Democracy and Political Rights

No Justice, No Democracy for the Ethnic Minorities of Bangladesh


By Sameer Abdullah

Bangladesh, a country with a population of approximately 160 million people, is not very diverse, and while it may sound counter intuitive that does not mean that there are not many different kinds of people in the country. The majority of the populace is Muslim and very patriotic, and the impact of this will be explained further on in the article. The problem lies in the discrimination of certain minorities in Bangladesh, and those minorities being deprived of their rights due to this discrimination. Although Bangladesh is a democratic country, some not so democratic things often end up happening to the indigenous tribes living in the Chittagong Hill Tracts.

As of now, the indigenous people living in the Chittagong Hill Tracts cannot be said to be living in a democratic country. While the previous statement may seem an exaggeration, there can be no doubt of its validity. This is because of the fact that the government of Bangladesh itself has clearly admitted to the fact that they have put the indigenous tribes in the Chittagong Hill Tracts under military rule. This military rule however, is only a pretext to control the indigenous tribes living in those locations. The government’s need to control them is derived from the happenings in the past, which will be shortly elaborated upon to explain the relationship between the current discrimination and the happenings in the past.

Bangladesh is a country that achieved its independence on 1971, and it can be said to be a short amount of time. Bangladesh achieved its independence from Pakistan through a war of liberation, a messy and bloody affair, further complicated by the fact that some people living in Bangladesh decided to support Pakistan in its suppression of what they deemed to be a rebellion. The Bangladeshis won and achieved their independence from Pakistan, but shortly thereafter followed the matter of the Chittagong Hill Tracts. The indigenous tribes in the Hill Tracts did not play any major roles in the war, and they wished to remain separate from the new Bangladesh, wishing to be an independent entity.

The want to be separate remained in the people of the indigenous tribes, which in turn led to the now infamous Chakma insurgency. This was nothing short of a war, with the conflict being led by the government of Bangladesh on one side and the United People’s Party of the Chittagong Hill Tracts on the other.  The Chittagong Hill Tracts even formed their own army, the Shanti Bahini, in an attempt to resist the Bangladesh government and the government’s policies. A brutal war followed, and with the Shanti Bahini making use of guerrilla tactics, the war lasted for 20 years. The war only ended after a signing of peace accords in 1997, with the Bangladesh government regaining control over the Hill Tracts. However, even though a peace treaty had been signed, the underlying problems had not been addressed.  Public opinion of the indigenous groups was also low, and the discrimination against them was widespread.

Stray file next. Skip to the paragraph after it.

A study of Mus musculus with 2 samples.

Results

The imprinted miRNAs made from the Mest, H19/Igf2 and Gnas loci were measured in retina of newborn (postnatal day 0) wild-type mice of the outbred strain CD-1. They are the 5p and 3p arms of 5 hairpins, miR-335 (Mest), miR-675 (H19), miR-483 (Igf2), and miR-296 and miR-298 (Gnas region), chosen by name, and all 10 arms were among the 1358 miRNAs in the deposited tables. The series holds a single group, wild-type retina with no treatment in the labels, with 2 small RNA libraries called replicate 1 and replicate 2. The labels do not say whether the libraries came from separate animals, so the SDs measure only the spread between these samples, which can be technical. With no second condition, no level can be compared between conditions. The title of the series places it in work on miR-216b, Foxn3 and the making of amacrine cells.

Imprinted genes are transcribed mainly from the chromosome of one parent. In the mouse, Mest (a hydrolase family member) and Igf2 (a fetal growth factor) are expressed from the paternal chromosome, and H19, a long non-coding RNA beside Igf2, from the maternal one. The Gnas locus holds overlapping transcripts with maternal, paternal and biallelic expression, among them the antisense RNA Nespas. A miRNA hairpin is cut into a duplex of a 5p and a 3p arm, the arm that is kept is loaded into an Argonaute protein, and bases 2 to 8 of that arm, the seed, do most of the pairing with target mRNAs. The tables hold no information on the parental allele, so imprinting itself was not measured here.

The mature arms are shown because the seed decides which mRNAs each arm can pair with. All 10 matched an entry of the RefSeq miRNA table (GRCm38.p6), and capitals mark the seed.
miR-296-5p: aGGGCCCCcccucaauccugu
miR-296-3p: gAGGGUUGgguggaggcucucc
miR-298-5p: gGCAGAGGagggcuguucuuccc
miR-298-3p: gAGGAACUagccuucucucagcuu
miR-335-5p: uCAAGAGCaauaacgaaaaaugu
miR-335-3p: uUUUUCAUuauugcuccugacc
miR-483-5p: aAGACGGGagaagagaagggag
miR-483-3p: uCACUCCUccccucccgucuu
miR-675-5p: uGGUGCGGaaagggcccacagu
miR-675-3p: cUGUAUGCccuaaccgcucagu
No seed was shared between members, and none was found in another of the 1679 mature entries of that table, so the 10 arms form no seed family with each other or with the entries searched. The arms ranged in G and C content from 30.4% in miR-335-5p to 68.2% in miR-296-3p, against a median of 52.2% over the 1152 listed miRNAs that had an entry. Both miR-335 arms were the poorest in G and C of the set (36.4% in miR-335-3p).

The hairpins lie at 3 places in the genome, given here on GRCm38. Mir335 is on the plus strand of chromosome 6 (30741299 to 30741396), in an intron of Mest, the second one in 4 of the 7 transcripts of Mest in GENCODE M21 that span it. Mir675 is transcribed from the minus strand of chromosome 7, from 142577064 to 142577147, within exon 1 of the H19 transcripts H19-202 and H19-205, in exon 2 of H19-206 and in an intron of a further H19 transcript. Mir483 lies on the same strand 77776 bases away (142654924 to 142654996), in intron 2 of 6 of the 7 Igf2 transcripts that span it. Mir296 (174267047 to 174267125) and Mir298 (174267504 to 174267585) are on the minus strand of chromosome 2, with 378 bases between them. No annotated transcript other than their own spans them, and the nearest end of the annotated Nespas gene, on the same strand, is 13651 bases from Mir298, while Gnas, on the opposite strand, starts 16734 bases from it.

This in turn led to the current situation, one where the indigenous tribes live under military rule. An article in the UNPO summarizes their situation quite well:

“The indigenous communities of the Chittagong Hill Tracts are going through an ordeal due to the heavy military rule that denies the possibility for organisations to investigate and report the numerous human rights violations committed by the army. Restrictions have been imposed by the Home Ministry on numerous rights and freedoms, comprising the freedoms of speech and assembly, while extra-judiciary killings and enforced disappearance are nowadays countless. Human rights activists, students and members of political parties are the first targets of these injustices and conspiracies, which are creating a deep frustration among the Jumma peoples, especially youth and students.”

It is indeed quite sad, that even though Bangladesh is a democratic country, the indigenous tribes have to face such difficulties. Are they not citizens of Bangladesh too? Why should the youth that had no part in their parents’ actions be punished for what they did not do?

Dear reader, my question to you is this: How would you feel if you were the one having your rights taken away for things you did not do?


About the Author

Sameer Abdullah
Chief Editor of the Democracy and Political Rights department

Sameer is a student at William Carey Academy. He likes to walk the path less trodden and advocate for the devil. He also loves online gaming and learning new stuff. Too often, he finds himself pondering and analyzing society, constructs, the human mind, and anything that affects the lives of those of us living on earth.